Article  Human Dignity  Life  Marriage and Family  Religious Liberty  Religious Liberty

Proposition 1: Fighting for religious liberty in Houston

Proposition 1 is a ballot initiative on HERO—Houston's Equal Rights Ordinance—a proposed sexual orientation, gender identity, nondiscrimination law. The ordinance is more commonly known as “the bathroom ordinance” as it includes regulations for the use of restrooms and locker rooms in the city limits. Any individual in our city would be allowed to use whichever gender based restroom or locker room they most identify with that day. For example, any male in our city would be free to enter a women's restroom or locker room simply by claiming he self-identifies as a female. Churches would be exempt from the proposed ordinance.

Proposition 1 is an unacceptable proposal on at least two major levels:

First, it is a clear infringement on religious liberty in our city. Every private business owner should be free to operate their business according to their personal beliefs without the fear of unjust government punishment. The government was formed to be freedom's greatest protector, not its greatest threat. We surrender to Caesar what is Caesar’s: tax money. But we surrender to God what is God's: our conscience. If Prop 1 passes, private business owners who are Catholic, Muslim, Mormon, Christian and more will be forced to operate their private businesses contrary to their personal convictions.

Proposition 1 is also a significant infringement on the safety and privacy of many people in our city. All women and young girls should be free to use public restrooms and locker rooms in Houston without fear of a man watching them in their most vulnerable state. This ordinance will provide cover for perverted and malicious individuals to access our women and children. Surely there are solutions to sexual orientation, gender identity and public service challenges whose costs do not have to be carried by the young girls of our city.

Evangelicals nationally may not realize this ordinance is directly related to the Houston city government issuing sermon subpoenas to five Houston pastors in the Fall of 2016; the fight over this matter has been going on for eighteen months. The Mayor of Houston had this ordinance put into law by the City Council. Fortunately, city law also allows Houston citizens to collect a certain number of signatures on a petition and force a city council decision to be brought to a public vote. Thousands more signatures were collected than the minimum necessary. Every signature was accompanied by detailed and verified information. The petitions were notarized. The Mayor promptly had her City attorney invalidate the signatures. She simultaneously attempted to bully Houston pastors by issuing far-reaching subpoenas to five high profile pastors, demanding all sermons, emails, letters and text messages. Houston pastors were undeterred. The petitions were appealed all the way to the Texas Supreme Court who ruled 7-0 that the signatures are indeed valid and ordered the Mayor to repeal the ordinance or put it up for a city vote. The Proposition 1 vote on November 3rd is the result of this eighteen month process.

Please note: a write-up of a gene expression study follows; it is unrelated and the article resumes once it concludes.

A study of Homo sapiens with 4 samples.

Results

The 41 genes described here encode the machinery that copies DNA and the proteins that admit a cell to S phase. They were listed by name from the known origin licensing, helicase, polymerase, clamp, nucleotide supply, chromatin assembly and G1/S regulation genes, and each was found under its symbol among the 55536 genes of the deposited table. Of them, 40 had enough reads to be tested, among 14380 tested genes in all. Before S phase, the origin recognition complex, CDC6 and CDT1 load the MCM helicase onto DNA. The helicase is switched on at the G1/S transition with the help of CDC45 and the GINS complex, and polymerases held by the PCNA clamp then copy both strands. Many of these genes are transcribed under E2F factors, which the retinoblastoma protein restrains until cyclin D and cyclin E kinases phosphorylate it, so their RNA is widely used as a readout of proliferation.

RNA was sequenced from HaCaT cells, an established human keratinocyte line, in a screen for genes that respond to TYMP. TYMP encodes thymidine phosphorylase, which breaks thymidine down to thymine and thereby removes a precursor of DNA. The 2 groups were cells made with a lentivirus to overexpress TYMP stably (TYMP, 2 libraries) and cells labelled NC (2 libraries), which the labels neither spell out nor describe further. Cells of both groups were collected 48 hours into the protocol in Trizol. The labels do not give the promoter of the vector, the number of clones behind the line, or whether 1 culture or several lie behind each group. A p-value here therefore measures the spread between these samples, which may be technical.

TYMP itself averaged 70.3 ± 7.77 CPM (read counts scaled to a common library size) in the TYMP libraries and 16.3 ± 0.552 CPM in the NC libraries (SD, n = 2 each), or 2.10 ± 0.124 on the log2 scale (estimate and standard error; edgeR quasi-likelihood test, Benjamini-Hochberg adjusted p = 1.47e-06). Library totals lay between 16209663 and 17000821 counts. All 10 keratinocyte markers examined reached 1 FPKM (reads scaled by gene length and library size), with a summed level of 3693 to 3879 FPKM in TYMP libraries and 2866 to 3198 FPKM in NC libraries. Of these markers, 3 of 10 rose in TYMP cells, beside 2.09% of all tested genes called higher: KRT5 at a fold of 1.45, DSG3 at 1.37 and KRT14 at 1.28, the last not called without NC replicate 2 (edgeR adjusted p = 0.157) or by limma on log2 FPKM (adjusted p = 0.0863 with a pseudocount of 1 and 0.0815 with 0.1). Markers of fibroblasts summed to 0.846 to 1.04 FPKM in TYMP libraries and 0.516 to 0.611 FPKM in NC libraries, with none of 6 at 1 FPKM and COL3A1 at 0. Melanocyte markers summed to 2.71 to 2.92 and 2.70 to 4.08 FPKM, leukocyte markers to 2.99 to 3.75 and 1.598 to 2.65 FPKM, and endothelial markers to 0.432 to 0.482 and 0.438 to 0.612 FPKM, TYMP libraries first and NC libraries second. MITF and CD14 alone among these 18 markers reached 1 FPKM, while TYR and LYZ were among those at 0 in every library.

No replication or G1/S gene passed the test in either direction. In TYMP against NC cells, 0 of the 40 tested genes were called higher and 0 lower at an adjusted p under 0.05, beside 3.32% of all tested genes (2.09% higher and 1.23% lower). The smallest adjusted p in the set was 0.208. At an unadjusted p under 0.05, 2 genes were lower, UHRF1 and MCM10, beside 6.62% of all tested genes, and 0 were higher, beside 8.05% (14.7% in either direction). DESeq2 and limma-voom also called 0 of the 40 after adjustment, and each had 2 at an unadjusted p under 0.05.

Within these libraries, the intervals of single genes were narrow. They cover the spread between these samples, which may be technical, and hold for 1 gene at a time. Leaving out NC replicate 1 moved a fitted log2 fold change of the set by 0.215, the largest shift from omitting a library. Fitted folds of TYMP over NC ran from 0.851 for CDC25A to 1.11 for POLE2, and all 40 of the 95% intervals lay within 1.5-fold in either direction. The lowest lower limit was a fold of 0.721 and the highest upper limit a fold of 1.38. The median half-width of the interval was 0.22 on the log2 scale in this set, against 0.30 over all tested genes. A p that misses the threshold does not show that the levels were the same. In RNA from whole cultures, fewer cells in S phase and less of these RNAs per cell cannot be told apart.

Eighteen months ago, a poll showed the vast majority of our city opposes this ordinance. But in the end, it won't matter how many city residents oppose the ordinance—it will matter how many voters oppose the ordinance. The evangelical pastors of our city, including myself, are highly motivated to defeat Prop 1 as religious freedom is clearly a gospel issue, and the protection of our city's little girls is clearly a fundamental human right. For people in our city who are tired of the attack on religious liberty, this is a clear target to shoot at: “Vote no on Prop 1.” Northeast Houston Baptist Church is mobilizing our members, utilizing stage announcements and social media. Our pastors participated in a press conference with over 100 other evangelical pastors, asking our city to “Vote no on Prop 1.”  The Houston Area Pastor's Council is running television commercials and social media advertisements and yard signs are peppered in many yards.

Lord willing, voters will force our government to find a way to provide public services to our city without infringing on religious liberty or exposing many of our citizens to harm.